Wrist, hand injuries can hurt your body, your game on the golf course

Mayo Clinic offers golfers advice so aches and pains don't have them hanging up the clubs instead of golfing on the weekends

Published On: Jun 28 2012 10:53:18 PM EDT   Updated On: Jun 29 2012 08:49:39 AM EDT

Golfers can experience hand and wrist injuries, common problems that can be avoided before they quickly ruin a day on the golf course.

Rick Turner said he golfs four to five times a week and walks all 18 holes. He said it has been years since an injury kept him off the course.

"You hit a rock or a root that's underneath the grass that you don't see. Either that or it's just a bad swing and you dig in," said Rick Turner.

Turner said he focuses on good form and staying conditioned to keep from getting injured on the golf course.

Dr. Sanj Kakar, a hand specialist in the Mayo Clinic's Department of Orthopedic surgery said wrist and hand pain are fairly common, affecting about 10 per cent of amateurs and 20 percent of professionals.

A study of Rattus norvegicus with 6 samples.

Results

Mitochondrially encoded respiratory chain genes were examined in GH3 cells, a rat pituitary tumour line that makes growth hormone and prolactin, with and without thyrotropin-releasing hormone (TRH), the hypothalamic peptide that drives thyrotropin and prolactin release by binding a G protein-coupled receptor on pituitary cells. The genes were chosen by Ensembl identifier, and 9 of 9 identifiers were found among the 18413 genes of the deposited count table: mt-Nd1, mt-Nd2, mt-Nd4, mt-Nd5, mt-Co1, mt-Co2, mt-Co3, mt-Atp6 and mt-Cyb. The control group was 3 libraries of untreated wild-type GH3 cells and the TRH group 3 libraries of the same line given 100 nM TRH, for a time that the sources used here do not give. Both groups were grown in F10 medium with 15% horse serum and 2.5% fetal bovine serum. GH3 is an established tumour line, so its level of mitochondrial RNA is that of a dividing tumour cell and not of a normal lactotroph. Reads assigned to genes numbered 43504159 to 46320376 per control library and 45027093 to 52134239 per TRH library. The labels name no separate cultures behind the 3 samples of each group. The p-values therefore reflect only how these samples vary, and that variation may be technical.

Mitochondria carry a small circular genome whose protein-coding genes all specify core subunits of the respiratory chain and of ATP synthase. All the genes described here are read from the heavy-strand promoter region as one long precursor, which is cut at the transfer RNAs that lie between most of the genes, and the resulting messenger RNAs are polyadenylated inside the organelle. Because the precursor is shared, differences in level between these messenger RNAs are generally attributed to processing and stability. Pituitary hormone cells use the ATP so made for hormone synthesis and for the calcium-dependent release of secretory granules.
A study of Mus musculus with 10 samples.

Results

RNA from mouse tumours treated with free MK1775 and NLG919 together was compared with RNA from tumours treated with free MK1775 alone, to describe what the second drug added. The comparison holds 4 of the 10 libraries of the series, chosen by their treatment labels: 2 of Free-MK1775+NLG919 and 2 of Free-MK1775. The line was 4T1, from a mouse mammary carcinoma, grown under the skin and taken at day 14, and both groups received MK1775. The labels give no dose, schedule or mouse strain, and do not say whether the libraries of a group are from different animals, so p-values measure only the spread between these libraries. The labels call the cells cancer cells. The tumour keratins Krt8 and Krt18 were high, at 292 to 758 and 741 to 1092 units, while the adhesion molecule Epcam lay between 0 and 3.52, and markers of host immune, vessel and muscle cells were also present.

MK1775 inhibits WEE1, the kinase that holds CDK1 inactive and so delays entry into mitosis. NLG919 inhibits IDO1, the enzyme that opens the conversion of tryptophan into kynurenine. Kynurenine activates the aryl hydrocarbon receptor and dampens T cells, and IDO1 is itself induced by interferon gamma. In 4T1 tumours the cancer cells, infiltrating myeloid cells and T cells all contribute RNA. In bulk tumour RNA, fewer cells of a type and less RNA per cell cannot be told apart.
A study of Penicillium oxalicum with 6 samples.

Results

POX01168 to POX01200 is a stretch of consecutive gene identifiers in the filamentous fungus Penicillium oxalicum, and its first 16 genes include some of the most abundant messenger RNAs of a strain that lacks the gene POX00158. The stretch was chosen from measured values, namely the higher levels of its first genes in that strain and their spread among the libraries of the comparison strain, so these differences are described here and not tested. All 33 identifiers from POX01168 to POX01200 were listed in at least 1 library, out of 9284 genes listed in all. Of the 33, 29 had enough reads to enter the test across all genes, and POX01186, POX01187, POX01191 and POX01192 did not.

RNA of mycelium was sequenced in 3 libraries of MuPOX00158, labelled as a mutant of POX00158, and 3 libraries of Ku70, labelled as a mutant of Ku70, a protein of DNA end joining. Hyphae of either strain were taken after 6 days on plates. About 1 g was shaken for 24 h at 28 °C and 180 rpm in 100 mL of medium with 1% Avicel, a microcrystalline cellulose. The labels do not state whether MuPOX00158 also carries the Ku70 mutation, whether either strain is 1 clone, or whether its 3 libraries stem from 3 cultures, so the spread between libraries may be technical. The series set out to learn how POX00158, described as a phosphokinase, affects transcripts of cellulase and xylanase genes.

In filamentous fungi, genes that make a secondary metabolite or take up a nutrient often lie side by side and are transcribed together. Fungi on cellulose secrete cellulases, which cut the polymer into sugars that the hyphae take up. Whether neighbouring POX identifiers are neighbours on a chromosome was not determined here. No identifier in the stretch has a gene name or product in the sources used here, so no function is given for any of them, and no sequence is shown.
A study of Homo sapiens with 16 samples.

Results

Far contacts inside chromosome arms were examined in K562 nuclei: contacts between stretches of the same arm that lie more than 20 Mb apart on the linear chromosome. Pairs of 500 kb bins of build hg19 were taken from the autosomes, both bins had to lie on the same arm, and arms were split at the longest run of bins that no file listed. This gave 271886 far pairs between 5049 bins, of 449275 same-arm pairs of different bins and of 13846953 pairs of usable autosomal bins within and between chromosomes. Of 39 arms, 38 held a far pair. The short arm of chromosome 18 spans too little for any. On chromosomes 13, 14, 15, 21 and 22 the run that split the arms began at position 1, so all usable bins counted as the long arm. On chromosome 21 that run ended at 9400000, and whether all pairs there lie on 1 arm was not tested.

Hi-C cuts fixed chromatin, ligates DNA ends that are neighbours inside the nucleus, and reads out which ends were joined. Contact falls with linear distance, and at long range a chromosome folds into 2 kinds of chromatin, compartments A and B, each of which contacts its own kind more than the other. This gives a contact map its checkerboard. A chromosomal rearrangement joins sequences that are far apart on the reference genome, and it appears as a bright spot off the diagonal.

"If you haven't hit a golf ball for six months and suddenly you go out and start hitting 200 balls, then you are going to suffer the next morning," said Dr. Kakar.

Kakar, who also enjoys to golf, said the three main causes for golf injuries are overuse, poor mechanics, and trauma which can often result in strained tendons or even fractures.

Anyone who feels bothersome pain and stiffness after golfing should start by resting the achy joint.

"Ice is good, especially in the acute stages, to take away the swelling. and then once that's settled down, after the first few days, heat works well just to sort of make that area less stiff," said Dr. Kakar.

Stretching ahead of a golf time is also a good idea and professional lessons could help establish solid mechanics for the game.

It is time to seek medical attention when someone has continuing pain that doesn't go away or hears a pop in the hand or wrist followed by sudden swelling or severe pain. Those could be symptoms of a serious bone fracture, ligament or tendon injury.

Dr. Kakar also said some advances in modern technology can make a noticeable difference. For example, having graphite shafts, having cavity-backed clubs to take out the vibration of impact. Also, having a fatter grip may help golfers not squeeze the club too tight and, hence, alleviate any joint pains.

For more information from the Mayo Clinic on golf injuries, click here.